Christmas is happily chaotic at Methodist Home for Children. With The Jordan Center, adoptees, foster children, group home children and those being treated in homes, many in our care are looking to us to provide their Christmas. As the Christmas lists come from our children and youth, in equal number come the faithful from across the conference and community. These Methodists give in the Spirit of Jesus, seeking to provide for a child whose name they will not know and whose circumstance they cannot begin to guess.
The lists are as you would expect: Star Wars toys, Xboxes, or some other gaming system. In years past, I have been asked by donors if an Xbox or a PlayStation isn’t extravagant and do we have any idea what they cost? These are, of course, good questions that I see as teachable moments. The lists are not a request from MHC, but simply from one of our children. I share that, when people come to shop, they should feel free to act the same as when their own children make out their lists and feel no pressure to purchase everything on it.
I am convinced that when asked whether or not our work has efficacy, we should show them these lists. The fact that our children have asked for something so expensive, and not wished for “less than” means the children do not think of themselves as second class. Their dreams mirror the children with whom they are in school, church and the community. They see themselves as “same as.” This undifferentiated wish means they have a life that has been normalized against all odds.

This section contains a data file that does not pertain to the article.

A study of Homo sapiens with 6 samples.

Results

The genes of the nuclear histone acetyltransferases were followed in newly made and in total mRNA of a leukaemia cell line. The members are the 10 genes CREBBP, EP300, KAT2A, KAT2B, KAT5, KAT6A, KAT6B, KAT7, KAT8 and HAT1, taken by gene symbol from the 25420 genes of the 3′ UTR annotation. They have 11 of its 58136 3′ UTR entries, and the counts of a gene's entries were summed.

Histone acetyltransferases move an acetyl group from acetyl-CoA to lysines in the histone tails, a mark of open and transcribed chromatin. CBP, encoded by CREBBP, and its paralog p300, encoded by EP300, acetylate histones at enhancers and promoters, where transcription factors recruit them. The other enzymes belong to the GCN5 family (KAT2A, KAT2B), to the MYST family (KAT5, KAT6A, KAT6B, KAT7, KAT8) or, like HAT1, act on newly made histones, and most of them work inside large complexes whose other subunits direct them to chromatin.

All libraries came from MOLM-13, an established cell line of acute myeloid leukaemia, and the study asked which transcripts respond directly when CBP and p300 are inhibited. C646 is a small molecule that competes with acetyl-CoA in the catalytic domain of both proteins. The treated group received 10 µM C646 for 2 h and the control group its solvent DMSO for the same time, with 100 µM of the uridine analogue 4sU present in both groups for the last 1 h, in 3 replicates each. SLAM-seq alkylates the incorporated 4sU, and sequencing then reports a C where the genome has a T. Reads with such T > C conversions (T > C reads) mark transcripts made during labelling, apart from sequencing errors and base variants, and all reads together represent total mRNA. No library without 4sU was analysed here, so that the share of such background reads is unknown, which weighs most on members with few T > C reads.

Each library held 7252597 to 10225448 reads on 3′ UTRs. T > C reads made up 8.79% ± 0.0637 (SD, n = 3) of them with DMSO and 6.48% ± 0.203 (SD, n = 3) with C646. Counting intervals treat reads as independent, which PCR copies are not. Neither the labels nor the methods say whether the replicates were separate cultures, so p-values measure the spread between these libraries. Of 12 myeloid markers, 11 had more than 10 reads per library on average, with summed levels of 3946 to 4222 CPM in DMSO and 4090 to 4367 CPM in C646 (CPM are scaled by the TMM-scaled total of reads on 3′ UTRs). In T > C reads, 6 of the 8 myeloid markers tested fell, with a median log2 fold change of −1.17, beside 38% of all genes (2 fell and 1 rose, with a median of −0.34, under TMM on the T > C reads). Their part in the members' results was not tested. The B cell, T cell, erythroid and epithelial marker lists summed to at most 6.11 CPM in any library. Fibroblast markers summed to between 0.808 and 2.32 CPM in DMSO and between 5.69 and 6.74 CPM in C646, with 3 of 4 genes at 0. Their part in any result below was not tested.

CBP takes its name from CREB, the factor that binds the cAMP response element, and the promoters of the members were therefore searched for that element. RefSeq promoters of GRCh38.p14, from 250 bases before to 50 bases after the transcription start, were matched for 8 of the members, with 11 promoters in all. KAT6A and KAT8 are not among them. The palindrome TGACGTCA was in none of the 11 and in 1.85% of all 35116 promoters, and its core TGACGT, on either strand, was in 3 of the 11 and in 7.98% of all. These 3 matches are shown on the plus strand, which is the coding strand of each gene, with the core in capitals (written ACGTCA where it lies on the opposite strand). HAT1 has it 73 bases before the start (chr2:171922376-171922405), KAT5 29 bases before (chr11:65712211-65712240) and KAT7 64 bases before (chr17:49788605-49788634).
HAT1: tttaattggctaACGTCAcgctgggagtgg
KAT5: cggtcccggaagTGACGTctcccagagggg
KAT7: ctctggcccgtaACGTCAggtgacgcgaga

Again this year, we received lists with PlayStations and Xboxes. One faithful family, who has given for years, came and took a name off the Angel Tree. When they came back, one of their adult children was with them; the entire family had tears in their eyes. They said when they saw a PlayStation on the list, almost immediately, the thought occurred to them that it probably cost what they would spend on each other in total. They also thought that the child probably had little, if anything of their own, and probably had little expectation that anything on the list would actually be under the tree. In a spontaneous act of generosity, the family decided not to buy for themselves, but to purchase everything on the child’s list, including the PlayStation, suitable games, and the toys underneath of it.
As they carried the gifts in and shared what had happened in their home and in their hearts, we all were moved to tears. They even thanked us for helping them rediscover the true meaning of what it means to give.
As we move through Lent, and approach Jesus’ supreme gift of self by willingly accepting the cross, I pray that we all will stand in awe of our loving God, who gives grace upon grace, overflowing and spilling out.